What Can I Feed Baby Chickens

What Can I Feed Baby Chickens?

Raising baby chickens, also known as chicks, can be a rewarding experience. Whether you are starting a backyard flock or simply caring for a few chicks, it is essential to provide them with proper nutrition for their growth and development. Here is a guide on what you can feed baby chickens to ensure their health and wellbeing.

1. Starter feed: Baby chicks require a specialized starter feed that is specifically formulated to meet their nutritional needs. It typically contains high levels of protein (around 20-24%) and essential vitamins and minerals. This feed is available in both medicated and non-medicated options, with the former helping to prevent common chick illnesses.

2. Water: Fresh and clean water is crucial for the overall health of baby chickens. Make sure to provide them with a shallow dish or waterer that is easily accessible. Check the water regularly and refill as needed.

3. Grit: As chicks start to consume solid foods, they require grit to aid in digestion. Grit can be provided in the form of coarse sand or small stones, allowing the chicks to grind their food effectively.

4. Treats: While starter feed should form the majority of their diet, baby chickens can also enjoy occasional treats. Some suitable options include cooked eggs (crushed shells and all), mealworms, and small pieces of fruits and vegetables. However, treats should be given sparingly to avoid nutritional imbalances.

5. Greens: Baby chicks can benefit from the addition of fresh greens to their diet. You can provide them with finely chopped lettuce, spinach, or other leafy greens. This not only adds variety to their diet but also provides extra vitamins and minerals.


7. Insects: Chicks naturally have a strong instinct to forage for insects. You can mimic this behavior by introducing small insects like mealworms or crickets into their diet. This not only provides them with additional protein but also satisfies their natural foraging instincts.

8. Herbs: Certain herbs, such as parsley, basil, and oregano, have antimicrobial properties that can promote the overall health of baby chicks. You can offer them small amounts of these herbs, either fresh or dried, to support their immune systems.

9. Grains: As chicks grow older, you can gradually introduce grains into their diet. Options like oats, barley, and wheat can be provided in small quantities, which adds variety and texture to their meals.

10. Avoid toxic foods: It is important to note that there are certain foods that can be toxic to baby chickens. These include chocolate, caffeine, avocado, raw potato, and onions. Ensure these foods are kept away from your chicks to prevent any harm.

11. Free-ranging: If you have a safe and secure outdoor space, allowing your baby chicks to free-range can provide them with natural foraging opportunities. They will find insects, worms, and other small creatures to supplement their diet, resulting in healthier and more content chickens.



1. When can I start feeding treats to my baby chickens?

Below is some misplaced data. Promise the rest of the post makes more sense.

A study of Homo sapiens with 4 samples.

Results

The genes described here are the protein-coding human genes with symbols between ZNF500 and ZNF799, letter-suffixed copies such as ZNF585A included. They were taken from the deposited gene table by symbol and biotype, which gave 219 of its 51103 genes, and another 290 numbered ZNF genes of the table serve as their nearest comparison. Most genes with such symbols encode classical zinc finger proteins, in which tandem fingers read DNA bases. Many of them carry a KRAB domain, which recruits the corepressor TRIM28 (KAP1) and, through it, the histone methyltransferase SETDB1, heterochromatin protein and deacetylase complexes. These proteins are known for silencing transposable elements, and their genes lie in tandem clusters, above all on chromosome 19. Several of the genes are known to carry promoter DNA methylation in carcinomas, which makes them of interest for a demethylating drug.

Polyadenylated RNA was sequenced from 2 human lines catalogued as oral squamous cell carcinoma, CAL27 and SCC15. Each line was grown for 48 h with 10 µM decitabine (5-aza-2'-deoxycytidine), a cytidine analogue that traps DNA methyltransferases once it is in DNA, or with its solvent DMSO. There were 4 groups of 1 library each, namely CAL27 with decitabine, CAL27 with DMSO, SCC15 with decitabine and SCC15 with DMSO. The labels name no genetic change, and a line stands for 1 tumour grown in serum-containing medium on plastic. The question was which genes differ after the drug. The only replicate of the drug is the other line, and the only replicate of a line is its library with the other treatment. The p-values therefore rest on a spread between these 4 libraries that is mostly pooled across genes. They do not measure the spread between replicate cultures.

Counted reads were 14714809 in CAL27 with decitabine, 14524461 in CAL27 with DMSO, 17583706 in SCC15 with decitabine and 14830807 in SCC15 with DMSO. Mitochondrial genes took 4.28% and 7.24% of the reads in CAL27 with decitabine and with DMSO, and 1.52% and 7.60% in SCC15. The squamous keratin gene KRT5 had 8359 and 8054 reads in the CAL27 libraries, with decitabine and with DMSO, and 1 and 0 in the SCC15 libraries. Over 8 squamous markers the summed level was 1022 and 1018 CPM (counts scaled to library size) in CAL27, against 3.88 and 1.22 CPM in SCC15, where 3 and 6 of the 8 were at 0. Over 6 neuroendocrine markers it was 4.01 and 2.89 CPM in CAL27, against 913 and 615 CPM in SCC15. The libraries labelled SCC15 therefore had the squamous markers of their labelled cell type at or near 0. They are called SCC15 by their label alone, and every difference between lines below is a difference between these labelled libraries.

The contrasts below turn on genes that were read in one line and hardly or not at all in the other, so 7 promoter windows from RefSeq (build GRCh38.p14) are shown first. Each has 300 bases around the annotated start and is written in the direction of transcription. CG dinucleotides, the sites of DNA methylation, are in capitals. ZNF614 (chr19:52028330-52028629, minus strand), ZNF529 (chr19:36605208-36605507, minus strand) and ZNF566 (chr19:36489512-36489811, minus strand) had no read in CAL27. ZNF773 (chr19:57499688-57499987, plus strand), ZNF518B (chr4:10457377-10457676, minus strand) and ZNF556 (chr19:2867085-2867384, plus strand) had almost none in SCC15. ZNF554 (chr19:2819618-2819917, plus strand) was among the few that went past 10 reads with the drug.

Treats can be introduced when the chicks are around two weeks old, but they should only make up a small portion of their diet.

2. Can I feed my baby chickens kitchen scraps?
Yes, but avoid feeding them anything that is toxic or spoiled. Stick to fresh fruits, vegetables, and cooked eggs.

3. How often should I feed baby chickens?
Provide them with starter feed and fresh water at all times, and add treats or other foods sparingly.

4. Can I feed my baby chickens bread?
While small amounts of bread are generally safe, it is not a nutritious choice for their primary diet.

5. Do baby chickens need grit if they only eat starter feed?
Grit is not necessary if they only consume finely ground feed. However, if they start eating larger solid foods, providing grit is recommended.

6. Can I give my baby chickens dairy products?
Avoid feeding them dairy products as they may cause digestive issues. Stick to their specialized starter feed and treats mentioned earlier.

7. How long should I provide starter feed to my baby chickens?
Continue feeding them starter feed until they are around 16-18 weeks old, at which point you can transition them to grower feed.

8. Can baby chickens eat meat?
Baby chickens are primarily herbivores, so meat should not be a significant part of their diet. Stick to their specialized feed and treats.

Cooked rice can be offered occasionally as a treat, but it should not replace their main diet of starter feed.

10. Can baby chickens eat grass?
Yes, baby chickens can eat grass. However, ensure that the grass is free from chemicals or pesticides.

11. How long should I soak the feed to ferment it?
Soak the feed for 24-48 hours, or until it develops a slightly sour smell. This indicates that fermentation has occurred.

12. Can I feed my baby chickens leftovers from my garden?
Leftovers from your garden can be given to baby chickens, as long as they are safe and not treated with any harmful chemicals.

In conclusion, providing proper nutrition for your baby chickens is essential for their growth and overall health. By offering them a balanced diet consisting of starter feed, water, treats, greens, and occasional supplements, you can ensure that they thrive and develop into healthy adult chickens.